SWCOEH collaboration results in AHA presentation on patterns of work and high blood pressure
Houston (April 25, 2022) – A group of collaborators from the UTHealth School of Public Health and Southwest Center for Occupational and Environmental Health (SWCOEH) presented a poster at the American Heart Association Epidemiology and Prevention–Lifestyle and Cardiometabolic Health 2022 Scientific Sessions in March. The group included Dr. Brett Perkison, first author Tia Lal and Sadie Conway, PhD.
Dr. Conway, PhD, a former NIOSH Occupational Epidemiology trainee within the SWCOEH, was a principal investigator and Dr. Brett Perkison, MD, MPH, the OEM Residency Program Director for the SWCOEH, was a co-investigator on the study featured in the poster presentation titled, “Longitudinal Work Hour Patterns Associated With Hypertension Risk”.
“This study benefited from being a collaboration across the SWCOEH, the Department of Epidemiology, Human Genetics and Environmental Sciences (EGHES), and the Department of Biostatistics and Data Science, as it capitalized on the unique strengths of each,” Dr. Conway said. “The data set created for this study was one of the most complex to date for assessing the influence of work hours and work attributes on worker health, in general, and chronic disease, more specifically, spanning up to 30 years of time-varying exposures. The contributions of each department and the perspectives of the experts involved in the research enabled us to capitalize on the available data and pursue different lines of inquiry, all with the goal of advancing worker health.”
Dr. Conway believes both employees and employers can benefit from the study’s findings.
“Although it’s not appropriate to generalize too broadly from a single study, we did see evidence that consistent levels of work hours over long periods of time – what most Americans would consider standard, full-time hours, equivalent to about 40 hours per week – were associated with negative health outcomes in a way that other patterns reflecting change over time were not,” Dr. Conway said. “This was a surprise, as we had hypothesized that work hour patterns that showed variation over time might indicate declining health. Instead, this study suggests that lacking work schedule flexibility may be more detrimental to health than having some flexibility.”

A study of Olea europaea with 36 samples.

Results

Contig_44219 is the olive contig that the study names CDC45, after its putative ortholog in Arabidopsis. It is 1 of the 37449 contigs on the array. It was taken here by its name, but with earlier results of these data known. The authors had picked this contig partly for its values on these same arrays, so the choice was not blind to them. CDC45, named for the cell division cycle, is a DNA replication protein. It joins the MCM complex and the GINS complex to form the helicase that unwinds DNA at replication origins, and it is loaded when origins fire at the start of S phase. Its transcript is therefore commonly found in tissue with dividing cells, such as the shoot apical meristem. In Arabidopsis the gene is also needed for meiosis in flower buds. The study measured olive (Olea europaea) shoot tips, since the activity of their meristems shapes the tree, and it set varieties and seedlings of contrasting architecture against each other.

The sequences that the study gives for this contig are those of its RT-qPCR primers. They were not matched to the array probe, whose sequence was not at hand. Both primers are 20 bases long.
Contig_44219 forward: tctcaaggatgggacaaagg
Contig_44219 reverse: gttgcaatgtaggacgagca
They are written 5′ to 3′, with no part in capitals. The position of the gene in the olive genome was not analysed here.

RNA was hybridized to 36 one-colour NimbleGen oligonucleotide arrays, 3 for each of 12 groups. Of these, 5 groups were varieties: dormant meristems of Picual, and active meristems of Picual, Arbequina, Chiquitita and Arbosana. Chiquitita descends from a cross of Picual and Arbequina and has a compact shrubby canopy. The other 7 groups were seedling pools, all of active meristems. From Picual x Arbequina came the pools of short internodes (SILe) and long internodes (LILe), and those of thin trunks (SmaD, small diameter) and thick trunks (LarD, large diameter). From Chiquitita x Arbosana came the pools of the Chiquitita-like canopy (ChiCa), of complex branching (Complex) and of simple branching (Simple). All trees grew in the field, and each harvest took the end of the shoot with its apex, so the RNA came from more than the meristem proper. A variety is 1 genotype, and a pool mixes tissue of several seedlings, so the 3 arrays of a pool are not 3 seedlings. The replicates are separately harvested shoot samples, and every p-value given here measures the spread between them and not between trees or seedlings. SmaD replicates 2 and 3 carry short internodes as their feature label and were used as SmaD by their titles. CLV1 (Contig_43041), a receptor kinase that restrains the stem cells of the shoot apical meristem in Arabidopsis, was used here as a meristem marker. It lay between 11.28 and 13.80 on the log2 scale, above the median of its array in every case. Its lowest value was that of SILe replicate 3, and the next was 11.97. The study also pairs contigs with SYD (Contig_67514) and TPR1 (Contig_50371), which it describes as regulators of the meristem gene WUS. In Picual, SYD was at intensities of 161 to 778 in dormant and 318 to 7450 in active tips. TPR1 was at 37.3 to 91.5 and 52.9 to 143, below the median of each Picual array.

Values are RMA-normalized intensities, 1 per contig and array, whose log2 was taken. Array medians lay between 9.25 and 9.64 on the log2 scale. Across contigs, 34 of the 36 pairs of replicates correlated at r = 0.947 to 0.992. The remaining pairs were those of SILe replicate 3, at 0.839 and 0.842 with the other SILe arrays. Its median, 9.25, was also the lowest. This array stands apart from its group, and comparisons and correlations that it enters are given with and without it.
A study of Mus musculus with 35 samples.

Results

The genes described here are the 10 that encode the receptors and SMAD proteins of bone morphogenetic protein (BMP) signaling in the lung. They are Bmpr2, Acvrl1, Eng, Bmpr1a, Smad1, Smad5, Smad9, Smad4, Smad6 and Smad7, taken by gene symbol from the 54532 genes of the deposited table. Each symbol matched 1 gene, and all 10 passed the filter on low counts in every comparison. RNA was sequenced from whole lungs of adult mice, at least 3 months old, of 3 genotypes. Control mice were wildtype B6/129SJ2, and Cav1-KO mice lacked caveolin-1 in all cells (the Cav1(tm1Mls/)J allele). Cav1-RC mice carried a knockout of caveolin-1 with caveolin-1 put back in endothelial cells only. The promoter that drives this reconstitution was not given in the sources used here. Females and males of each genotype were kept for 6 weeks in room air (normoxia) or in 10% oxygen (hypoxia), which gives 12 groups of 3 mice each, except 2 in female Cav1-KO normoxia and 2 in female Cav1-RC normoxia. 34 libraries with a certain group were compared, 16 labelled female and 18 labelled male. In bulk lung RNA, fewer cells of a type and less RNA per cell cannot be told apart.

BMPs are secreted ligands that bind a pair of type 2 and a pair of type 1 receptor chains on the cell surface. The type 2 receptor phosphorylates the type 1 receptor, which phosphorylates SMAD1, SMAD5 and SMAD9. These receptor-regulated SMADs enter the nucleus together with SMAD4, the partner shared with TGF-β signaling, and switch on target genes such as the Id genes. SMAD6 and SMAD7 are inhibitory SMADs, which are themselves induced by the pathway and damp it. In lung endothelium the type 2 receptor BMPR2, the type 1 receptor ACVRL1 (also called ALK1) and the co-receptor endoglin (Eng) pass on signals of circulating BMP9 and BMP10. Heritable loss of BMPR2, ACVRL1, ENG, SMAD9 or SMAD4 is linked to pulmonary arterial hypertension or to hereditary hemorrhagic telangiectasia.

The study used publicly available data from the Panel Study of Income Dynamics (PSID), a nationally representative survey of more than 22,000 households, ongoing since 1968. The study followed 10,338 U.S adult workers from 1985-2017 who were re-interviewed every year until 1997 and then every two years thereafter. The workers were asked about their sociodemographic information, employment and occupational data as well as various self-reported health measures. The worker sample was representative of the different racial, ethnic and socioeconomic groups that make up the U.S. population.
“Our research is innovative because it is the first study to identify time-varying work hour patterns in a representative cohort of U.S adult workers spanning over 30 years of follow up,” said Lal, the first author of the poster and a PhD Student in the Department of Biostatistics & Data Science at the UTHealth School of Public Health.
“It also is the first study to examine the association of these work hour patterns on hypertension incidence,” Lal said. “We were able to identify four work hour patterns: one steady work hour pattern, one increasing work hour pattern, and two decreasing work hour patterns with different rates of decline. Our study suggests that these non-constant work hour patterns may be protective against incident hypertension by reducing the risk of development by 40-70 percent in adults who entered the study when they were 30 years of age or older, after adjusting for several sociodemographic and health-related factors.”
The SWCOEH provides a variety of graduate-level training opportunities for occupational and environmental health professionals through our industrial hygiene, occupational and environmental medicine, occupational epidemiology, and Total Worker Health®.